A 19th century mulberry bush thought to have inspired a nursery rhyme has been removed from HMP Wakefield.
The mulberry bush died in 2017, a year after it was nominated for a Woodland Trust tree of the year award.
The tree is now set to be replaced using a cutting taken from the original plant 30 years ago.
MORE: Mulberry bush removed from Wakefield prison
It it believed to have inspired the nursery rhyme Here We Go Round the Mulberry Bush.
Women prisoners used to dance around the tree with their children, and invented the rhyme to keep the children amused.
Prison officer Simon Richardson, who helped to remove the dead tree, said: “It became a project because the mulberry is so important to Wakefield prison, it’s instrumental in the place, everything revolves around it. Unfortunately it’s dead, but the aim is to replace it – we’ll have one here where the original was and possibly another one at the other end of the jail so everyone can see it.”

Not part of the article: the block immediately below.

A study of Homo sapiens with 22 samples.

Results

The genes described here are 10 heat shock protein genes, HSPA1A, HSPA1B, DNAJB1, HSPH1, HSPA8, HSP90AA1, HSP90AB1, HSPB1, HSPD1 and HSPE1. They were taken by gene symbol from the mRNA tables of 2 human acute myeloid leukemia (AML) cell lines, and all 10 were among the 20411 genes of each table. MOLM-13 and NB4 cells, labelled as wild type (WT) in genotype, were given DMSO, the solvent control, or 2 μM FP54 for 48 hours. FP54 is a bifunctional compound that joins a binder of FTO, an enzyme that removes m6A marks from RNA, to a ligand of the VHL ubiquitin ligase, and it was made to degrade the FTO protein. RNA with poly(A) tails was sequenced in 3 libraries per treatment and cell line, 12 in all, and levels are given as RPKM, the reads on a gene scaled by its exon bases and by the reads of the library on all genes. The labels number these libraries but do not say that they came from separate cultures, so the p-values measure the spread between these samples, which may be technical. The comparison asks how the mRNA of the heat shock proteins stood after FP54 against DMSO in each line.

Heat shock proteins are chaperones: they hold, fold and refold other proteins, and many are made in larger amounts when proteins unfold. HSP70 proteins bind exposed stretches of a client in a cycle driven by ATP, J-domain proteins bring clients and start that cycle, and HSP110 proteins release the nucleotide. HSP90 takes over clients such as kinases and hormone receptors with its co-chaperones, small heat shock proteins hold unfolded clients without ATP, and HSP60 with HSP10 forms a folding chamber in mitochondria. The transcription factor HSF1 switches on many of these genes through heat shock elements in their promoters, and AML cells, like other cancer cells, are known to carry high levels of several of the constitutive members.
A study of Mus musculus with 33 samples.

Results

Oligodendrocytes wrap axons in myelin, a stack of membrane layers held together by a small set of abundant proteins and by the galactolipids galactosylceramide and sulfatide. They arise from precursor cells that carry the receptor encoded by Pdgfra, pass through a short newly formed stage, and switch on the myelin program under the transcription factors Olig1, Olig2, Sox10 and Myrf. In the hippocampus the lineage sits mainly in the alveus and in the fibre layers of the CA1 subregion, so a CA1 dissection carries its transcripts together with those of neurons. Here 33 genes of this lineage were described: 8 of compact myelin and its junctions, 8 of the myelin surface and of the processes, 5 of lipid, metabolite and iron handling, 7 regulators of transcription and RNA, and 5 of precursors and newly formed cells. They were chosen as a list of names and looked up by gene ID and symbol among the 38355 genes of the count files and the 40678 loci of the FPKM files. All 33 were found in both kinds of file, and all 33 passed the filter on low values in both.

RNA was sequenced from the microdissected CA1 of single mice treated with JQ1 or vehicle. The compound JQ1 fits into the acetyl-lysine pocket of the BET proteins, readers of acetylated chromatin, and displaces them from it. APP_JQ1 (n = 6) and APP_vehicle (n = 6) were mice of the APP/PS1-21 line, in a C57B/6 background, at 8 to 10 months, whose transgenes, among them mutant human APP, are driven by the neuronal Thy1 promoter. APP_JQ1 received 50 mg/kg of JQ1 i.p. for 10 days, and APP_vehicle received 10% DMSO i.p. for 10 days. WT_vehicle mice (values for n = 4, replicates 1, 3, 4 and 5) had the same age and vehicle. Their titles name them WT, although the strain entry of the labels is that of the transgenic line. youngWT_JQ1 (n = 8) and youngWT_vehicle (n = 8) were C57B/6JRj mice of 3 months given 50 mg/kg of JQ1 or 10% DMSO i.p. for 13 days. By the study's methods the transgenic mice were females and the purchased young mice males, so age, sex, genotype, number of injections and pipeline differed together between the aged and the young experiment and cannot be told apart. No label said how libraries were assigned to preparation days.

HMP Wakefield was built as house of correction in 1594 and in later years female prisoners were said to have danced around the tree,
Another possible interpretation of the nursery rhyme is that “cold and frosty” Britain struggles to produce silk, with mulberry trees a key habitat for the cultivation of silkworms.
The prison’s staff diner is called The Mulberry and the HMP Wakefield’s crest includes an image of the bush.
The rhyme was first recorded by James Orchard Halliwell as an English children’s game in the mid-19th century.
In 2016 a tree recorder suggested mulberry trees – including the one in Wakefield prison – had links to James I.
It was believed the king had sent out hundreds of mulberry saplings to estate owners in 1609.